Which Joe gave his name to ‘sloppy joes’? We look at five interesting sandwiches and their lexical origins.
1A yellow, brown, or black mineral consisting largely of calcium titanate.
- ‘The catalyst, which was first studied for use in catalytic converters in the early 1970s, includes the mineral perovskite with palladium.’
- ‘Some of the characteristic minerals found in kimberlite are perovskite, magnetite, and spinel.’
- ‘The engines of tomorrow's PCs may be based not on silicon dioxide but on exotic new compounds such as perovskite oxide or even the stuff of life itself, DNA.’
- ‘Some age determinations used atios measured on macrocrystal phlogopite; others used ratios from perovskite crystals.’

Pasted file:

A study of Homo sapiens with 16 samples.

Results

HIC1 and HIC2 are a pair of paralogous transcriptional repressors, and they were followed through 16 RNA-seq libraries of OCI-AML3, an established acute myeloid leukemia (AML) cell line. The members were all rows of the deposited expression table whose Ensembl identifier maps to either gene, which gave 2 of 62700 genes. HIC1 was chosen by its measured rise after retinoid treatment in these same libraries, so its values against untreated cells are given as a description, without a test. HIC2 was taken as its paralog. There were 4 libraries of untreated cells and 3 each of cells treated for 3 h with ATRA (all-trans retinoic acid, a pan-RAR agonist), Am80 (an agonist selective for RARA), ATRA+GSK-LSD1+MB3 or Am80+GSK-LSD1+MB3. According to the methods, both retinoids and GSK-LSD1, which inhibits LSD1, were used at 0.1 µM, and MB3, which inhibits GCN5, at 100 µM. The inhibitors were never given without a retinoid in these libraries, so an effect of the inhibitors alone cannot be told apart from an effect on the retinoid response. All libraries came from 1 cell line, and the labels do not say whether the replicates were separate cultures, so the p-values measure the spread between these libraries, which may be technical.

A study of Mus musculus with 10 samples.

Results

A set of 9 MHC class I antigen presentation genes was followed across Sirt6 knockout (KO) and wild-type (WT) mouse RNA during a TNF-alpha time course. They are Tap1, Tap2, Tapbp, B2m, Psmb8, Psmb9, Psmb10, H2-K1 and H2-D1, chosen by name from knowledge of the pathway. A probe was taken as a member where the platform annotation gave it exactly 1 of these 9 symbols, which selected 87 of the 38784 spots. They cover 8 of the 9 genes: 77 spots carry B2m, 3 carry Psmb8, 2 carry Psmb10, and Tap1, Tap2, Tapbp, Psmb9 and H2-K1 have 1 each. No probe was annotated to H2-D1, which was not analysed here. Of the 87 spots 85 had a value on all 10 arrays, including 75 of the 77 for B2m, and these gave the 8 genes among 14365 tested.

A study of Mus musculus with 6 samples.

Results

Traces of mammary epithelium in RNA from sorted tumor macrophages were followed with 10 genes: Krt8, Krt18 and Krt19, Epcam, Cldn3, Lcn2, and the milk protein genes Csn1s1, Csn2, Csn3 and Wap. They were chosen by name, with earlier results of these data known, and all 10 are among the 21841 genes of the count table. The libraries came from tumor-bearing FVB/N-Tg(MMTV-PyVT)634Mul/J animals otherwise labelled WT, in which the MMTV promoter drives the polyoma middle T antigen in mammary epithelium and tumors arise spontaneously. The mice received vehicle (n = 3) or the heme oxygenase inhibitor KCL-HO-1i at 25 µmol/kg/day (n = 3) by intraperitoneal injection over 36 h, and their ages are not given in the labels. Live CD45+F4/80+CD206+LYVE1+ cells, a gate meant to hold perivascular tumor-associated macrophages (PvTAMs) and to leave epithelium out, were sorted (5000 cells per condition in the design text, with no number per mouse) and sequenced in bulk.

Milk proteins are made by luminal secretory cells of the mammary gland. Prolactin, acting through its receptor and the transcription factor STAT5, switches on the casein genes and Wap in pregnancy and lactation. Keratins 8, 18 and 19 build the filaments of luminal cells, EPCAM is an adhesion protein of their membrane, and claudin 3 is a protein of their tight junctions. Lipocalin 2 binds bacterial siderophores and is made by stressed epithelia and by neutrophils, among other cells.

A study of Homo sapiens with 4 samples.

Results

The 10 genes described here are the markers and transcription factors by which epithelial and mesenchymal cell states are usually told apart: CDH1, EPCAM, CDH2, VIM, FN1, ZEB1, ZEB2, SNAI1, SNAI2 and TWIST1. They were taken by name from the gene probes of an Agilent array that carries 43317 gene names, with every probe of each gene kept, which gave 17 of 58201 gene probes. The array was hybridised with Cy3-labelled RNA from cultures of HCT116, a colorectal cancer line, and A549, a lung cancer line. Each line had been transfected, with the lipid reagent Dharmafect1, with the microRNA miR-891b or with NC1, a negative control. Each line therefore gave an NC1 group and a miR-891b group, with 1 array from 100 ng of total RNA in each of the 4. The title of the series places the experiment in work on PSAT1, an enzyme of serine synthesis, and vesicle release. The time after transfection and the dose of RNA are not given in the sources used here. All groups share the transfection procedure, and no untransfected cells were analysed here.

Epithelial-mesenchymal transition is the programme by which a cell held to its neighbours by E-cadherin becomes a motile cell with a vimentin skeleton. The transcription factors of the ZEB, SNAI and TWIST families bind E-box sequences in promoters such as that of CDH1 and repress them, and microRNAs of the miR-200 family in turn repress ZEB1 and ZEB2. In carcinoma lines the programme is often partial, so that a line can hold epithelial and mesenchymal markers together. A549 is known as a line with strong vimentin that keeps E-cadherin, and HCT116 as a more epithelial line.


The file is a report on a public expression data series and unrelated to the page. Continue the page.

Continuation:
- ‘Iron, for example, becomes non-magnetic and may tend to migrate from perovskite toward another mineral as the pressure rises.’
- 1.1count noun Any of a group of related minerals and ceramics having the same crystal structure as perovskite.
- ‘The new films include 10 or so alternating layers of positively charged dusters and negatively charged materials called perovskites.’
- ‘The product is based on mixed-metal oxide chemistry - blending two or more non-PGM metal components (such as perovskites and spinels).’
Mid 19th century: from the name of L. A. Perovsky (1792–1856), Russian mineralogist, + -ite.
We take a look at several popular, though confusing, punctuation marks.
From Afghanistan to Zimbabwe, discover surprising and intriguing language facts from around the globe.
The definitions of ‘buddy’ and ‘bro’ in the OED have recently been revised. We explore their history and increase in popularity.